Los Alamos National Laboratory

Los Alamos National Laboratory


A new study suggests that widespread loss of a major forest type could be wiped out by the end of this century due to climate change.
December 21, 2015
A new study suggests that widespread loss of a major forest type could be wiped out by the end of this century due to climate change.

A new study suggests that widespread loss of a major forest type could be wiped out by the end of this century due to climate change.

A new study, led by Los Alamos National Laboratory's Nathan McDowell, suggests that widespread loss of a major forest type, the pine-juniper woodlands of the Southwestern U.S., could be wiped out by the end of this century due to climate change, and that conifers throughout much of the Northern Hemisphere may be on a similar trajectory. New results, reported in the journal Nature Climate Change, suggest that global models may underestimate predictions of forest death.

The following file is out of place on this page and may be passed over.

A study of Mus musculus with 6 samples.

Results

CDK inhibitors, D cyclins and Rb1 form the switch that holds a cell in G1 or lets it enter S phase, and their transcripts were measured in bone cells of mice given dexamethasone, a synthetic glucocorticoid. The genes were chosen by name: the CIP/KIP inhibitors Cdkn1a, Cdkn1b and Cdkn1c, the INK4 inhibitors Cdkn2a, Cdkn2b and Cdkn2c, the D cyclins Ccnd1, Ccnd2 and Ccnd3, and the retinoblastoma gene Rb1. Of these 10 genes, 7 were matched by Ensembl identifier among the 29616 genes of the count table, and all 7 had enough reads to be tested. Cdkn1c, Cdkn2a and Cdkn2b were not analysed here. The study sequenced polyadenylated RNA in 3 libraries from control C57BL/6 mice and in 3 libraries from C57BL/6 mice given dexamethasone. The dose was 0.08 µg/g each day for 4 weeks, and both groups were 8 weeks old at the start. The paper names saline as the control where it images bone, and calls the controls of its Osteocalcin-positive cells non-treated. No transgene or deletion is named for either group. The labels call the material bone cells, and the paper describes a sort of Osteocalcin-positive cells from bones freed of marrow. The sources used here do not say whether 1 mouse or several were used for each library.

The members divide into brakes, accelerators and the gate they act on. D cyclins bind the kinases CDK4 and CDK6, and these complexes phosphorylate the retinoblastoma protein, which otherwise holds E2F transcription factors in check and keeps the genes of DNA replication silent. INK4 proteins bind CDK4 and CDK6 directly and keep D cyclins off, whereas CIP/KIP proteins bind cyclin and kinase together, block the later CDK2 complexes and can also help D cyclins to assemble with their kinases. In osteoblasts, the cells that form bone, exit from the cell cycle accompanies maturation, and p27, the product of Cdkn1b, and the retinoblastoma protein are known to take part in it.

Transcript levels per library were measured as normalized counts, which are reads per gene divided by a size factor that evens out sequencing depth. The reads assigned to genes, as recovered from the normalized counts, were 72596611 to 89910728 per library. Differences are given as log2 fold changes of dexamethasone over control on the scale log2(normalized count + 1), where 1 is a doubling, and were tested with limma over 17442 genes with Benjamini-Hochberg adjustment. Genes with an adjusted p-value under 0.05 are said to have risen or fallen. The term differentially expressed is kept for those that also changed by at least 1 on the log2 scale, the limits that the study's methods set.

McDowell and his large international team strove to provide the missing pieces of understanding tree death at three levels: plant, regional and global. The team rigorously developed and evaluated multiple process-based and empirical models against experimental results, and then compared these models to results from global vegetation models to examine independent simulations. They discovered that the global models simulated mortality throughout the Northern Hemisphere that was of similar magnitude, but much broader spatial scale, as the evaluated ecosystem models predicted for in the Southwest.